My new book, Epistolophilia: Writing the Life of Ona Šimaitė (cover seen above) will appear in four months.
A few nights ago, I had a great conversation with my press’s publicist. Cara told me how she sat down on the couch to leaf through my book and was so drawn in that she ended up reading the whole thing in a matter of days.
Now, if you’re a writer, you’ll know how great it is to hear anyone say this. To hear it from the person who is tasked with promoting your work — in my case, a book that took me about a decade to complete — is like salve to the soul.
The publicist and I agreed to take a collaborative approach to promoting Epistolophilia. She and one other person are responsible for the University of Nebraska’s entire list, so the publicity department is stretched thin. Cara will therefore take care of getting the book to reviewers, talking it up, and submitting it for prizes; I will research and set up readings and lectures. Once I’ve got gigs lined up, she’ll step in to support me with books for sale and signing, posters, leaflets and the like.
Knocking cold on people’s doors and asking them to give you and your book a chance can be humiliating. I’m learning this, but trying not to let the process get me down. Having studied how writer-friends of mine have gotten their books noticed, I’m now doing my best to emulate their processes in a way that makes sense for Epistolophilia.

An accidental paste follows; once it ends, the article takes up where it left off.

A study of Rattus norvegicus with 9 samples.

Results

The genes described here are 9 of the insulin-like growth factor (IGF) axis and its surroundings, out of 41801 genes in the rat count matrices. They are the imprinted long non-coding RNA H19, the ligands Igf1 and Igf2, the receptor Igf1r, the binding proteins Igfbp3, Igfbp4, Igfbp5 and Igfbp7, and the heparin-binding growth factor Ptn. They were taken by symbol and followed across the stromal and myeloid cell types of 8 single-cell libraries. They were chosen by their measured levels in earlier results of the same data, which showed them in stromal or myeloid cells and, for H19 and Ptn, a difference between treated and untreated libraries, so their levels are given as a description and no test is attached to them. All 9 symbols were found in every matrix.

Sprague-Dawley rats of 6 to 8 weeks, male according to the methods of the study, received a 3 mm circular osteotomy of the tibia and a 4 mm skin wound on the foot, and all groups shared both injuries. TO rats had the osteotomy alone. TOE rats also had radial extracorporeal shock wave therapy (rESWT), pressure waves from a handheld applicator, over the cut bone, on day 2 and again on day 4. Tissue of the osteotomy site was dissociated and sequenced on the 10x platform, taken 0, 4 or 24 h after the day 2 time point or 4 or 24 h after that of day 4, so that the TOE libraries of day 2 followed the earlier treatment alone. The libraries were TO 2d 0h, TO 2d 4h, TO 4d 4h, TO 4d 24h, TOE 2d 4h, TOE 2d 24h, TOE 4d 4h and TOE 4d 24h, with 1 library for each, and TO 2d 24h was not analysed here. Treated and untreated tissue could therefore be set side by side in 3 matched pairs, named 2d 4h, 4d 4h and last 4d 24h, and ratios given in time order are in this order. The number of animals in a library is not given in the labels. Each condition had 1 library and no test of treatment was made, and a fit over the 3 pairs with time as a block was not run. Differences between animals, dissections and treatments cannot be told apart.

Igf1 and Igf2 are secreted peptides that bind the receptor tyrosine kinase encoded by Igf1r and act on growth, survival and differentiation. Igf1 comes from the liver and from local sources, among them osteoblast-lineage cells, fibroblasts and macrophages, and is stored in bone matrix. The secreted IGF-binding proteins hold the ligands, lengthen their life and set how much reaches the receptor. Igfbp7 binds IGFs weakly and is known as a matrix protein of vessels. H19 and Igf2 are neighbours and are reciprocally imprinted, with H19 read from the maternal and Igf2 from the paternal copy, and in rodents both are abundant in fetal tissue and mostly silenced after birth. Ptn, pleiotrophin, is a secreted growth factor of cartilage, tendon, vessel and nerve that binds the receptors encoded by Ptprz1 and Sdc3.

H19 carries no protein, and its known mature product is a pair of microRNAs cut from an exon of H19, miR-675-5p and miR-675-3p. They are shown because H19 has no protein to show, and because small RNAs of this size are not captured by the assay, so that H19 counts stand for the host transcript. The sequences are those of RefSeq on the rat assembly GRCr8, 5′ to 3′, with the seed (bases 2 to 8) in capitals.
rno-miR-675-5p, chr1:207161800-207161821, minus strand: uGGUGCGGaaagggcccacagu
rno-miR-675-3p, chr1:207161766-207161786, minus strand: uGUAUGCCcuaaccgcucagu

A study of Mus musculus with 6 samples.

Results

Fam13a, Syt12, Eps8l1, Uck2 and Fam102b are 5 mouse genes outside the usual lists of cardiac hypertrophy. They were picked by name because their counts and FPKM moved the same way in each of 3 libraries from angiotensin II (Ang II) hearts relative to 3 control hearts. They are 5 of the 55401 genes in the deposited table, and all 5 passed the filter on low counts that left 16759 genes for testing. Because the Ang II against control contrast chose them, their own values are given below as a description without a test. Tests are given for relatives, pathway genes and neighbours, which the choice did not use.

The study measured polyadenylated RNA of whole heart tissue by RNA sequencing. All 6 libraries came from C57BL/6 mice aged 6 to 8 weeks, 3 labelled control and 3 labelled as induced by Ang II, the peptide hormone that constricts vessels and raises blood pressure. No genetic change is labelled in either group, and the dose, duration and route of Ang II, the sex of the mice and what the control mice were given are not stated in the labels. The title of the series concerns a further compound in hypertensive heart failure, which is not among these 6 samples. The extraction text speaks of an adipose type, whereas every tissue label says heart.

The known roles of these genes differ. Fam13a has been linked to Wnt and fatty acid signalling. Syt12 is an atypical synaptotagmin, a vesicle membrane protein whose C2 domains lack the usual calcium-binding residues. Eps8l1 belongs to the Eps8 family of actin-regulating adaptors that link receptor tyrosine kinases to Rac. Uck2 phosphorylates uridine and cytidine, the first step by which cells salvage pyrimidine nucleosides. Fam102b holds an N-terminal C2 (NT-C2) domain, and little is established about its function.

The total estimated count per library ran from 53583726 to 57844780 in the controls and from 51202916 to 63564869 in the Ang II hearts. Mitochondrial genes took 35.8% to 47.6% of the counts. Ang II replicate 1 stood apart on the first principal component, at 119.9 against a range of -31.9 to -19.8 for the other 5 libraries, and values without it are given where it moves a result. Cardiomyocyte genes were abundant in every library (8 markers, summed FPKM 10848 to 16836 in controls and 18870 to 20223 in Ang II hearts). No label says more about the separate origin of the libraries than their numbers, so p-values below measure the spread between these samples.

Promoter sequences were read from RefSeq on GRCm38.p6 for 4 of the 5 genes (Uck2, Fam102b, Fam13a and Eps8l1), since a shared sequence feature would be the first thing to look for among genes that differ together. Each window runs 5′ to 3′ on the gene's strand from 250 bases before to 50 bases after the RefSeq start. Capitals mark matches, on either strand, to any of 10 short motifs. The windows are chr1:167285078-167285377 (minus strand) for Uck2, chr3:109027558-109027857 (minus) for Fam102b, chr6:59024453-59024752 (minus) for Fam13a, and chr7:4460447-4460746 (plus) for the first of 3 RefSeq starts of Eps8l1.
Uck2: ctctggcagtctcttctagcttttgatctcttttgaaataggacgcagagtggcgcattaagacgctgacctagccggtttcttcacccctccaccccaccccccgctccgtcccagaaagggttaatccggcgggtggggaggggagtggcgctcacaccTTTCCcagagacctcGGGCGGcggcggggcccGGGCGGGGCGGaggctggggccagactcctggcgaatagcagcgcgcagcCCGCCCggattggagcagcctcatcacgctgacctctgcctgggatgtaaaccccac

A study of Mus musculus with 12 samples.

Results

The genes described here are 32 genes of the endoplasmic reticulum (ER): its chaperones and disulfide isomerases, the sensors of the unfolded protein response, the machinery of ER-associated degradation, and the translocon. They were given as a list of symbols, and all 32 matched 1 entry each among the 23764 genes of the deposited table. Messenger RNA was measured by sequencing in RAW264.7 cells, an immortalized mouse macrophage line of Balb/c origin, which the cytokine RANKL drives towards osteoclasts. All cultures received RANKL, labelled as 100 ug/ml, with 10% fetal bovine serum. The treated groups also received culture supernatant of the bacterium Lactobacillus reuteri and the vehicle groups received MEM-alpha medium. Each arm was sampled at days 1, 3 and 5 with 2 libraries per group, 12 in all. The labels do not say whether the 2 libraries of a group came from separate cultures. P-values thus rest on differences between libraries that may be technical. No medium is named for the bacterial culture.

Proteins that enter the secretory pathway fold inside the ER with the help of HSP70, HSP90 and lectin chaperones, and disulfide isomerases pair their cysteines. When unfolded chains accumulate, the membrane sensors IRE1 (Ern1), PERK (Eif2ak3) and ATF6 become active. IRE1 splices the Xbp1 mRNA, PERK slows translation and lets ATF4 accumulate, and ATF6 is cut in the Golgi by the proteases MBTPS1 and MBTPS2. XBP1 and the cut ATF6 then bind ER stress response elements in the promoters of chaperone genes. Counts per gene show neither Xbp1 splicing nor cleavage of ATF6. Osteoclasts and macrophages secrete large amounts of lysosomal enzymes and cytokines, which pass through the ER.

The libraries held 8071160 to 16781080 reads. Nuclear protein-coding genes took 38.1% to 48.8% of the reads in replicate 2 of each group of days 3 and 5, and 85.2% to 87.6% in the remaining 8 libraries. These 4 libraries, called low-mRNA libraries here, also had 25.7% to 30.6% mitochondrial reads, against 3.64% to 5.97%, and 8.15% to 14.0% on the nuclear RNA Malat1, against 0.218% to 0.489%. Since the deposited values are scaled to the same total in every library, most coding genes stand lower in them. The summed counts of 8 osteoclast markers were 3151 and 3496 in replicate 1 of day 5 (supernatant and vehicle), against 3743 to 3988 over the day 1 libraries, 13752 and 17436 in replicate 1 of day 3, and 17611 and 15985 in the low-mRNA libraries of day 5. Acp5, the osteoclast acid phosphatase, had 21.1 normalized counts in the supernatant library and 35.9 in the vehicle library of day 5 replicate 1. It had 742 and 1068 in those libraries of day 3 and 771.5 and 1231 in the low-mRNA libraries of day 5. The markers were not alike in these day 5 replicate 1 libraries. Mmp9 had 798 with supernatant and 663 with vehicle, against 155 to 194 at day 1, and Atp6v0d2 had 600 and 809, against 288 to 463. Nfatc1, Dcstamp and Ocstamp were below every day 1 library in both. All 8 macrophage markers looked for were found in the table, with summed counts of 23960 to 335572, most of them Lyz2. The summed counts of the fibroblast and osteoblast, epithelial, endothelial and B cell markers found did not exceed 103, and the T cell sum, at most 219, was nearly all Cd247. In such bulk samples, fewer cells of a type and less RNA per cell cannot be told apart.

More than anything, I’m trying to be brave.
Lucky for me, I’ve made friends over the years of researching and writing this book, and have great supporters at libraries and cultural institutions that serve my readership. These are the doors I knocked on first, and I haven’t been disappointed.
Slowly, but surely this do-it-myself book tour is starting to take shape. It will start with a spring launch at Paragraphe Bookstore in Montreal, and then carry on through the fall with appearances at the Library of Congress, the Woodrow Wilson International Center for Scholars (Washington DC), and the YIVO Institute for Jewish Research in New York City.
I’ll keep you posted as to appearances and interviews as things progress.
Update: There’s now a tentative Toronto date as well. Details to follow, closer to the event.
If you’d like me to come to your town, library, university, bookstore or other venue to read or talk about the life and writing of the Holocaust rescuer, Ona Šimaitė, write me a note via the Contact page!
Wish me luck!
As always: happy writing; happy reading.
This post is part of a weekly series called “Countdown to Publication” on SheWrites.com, the premier social network for women writers.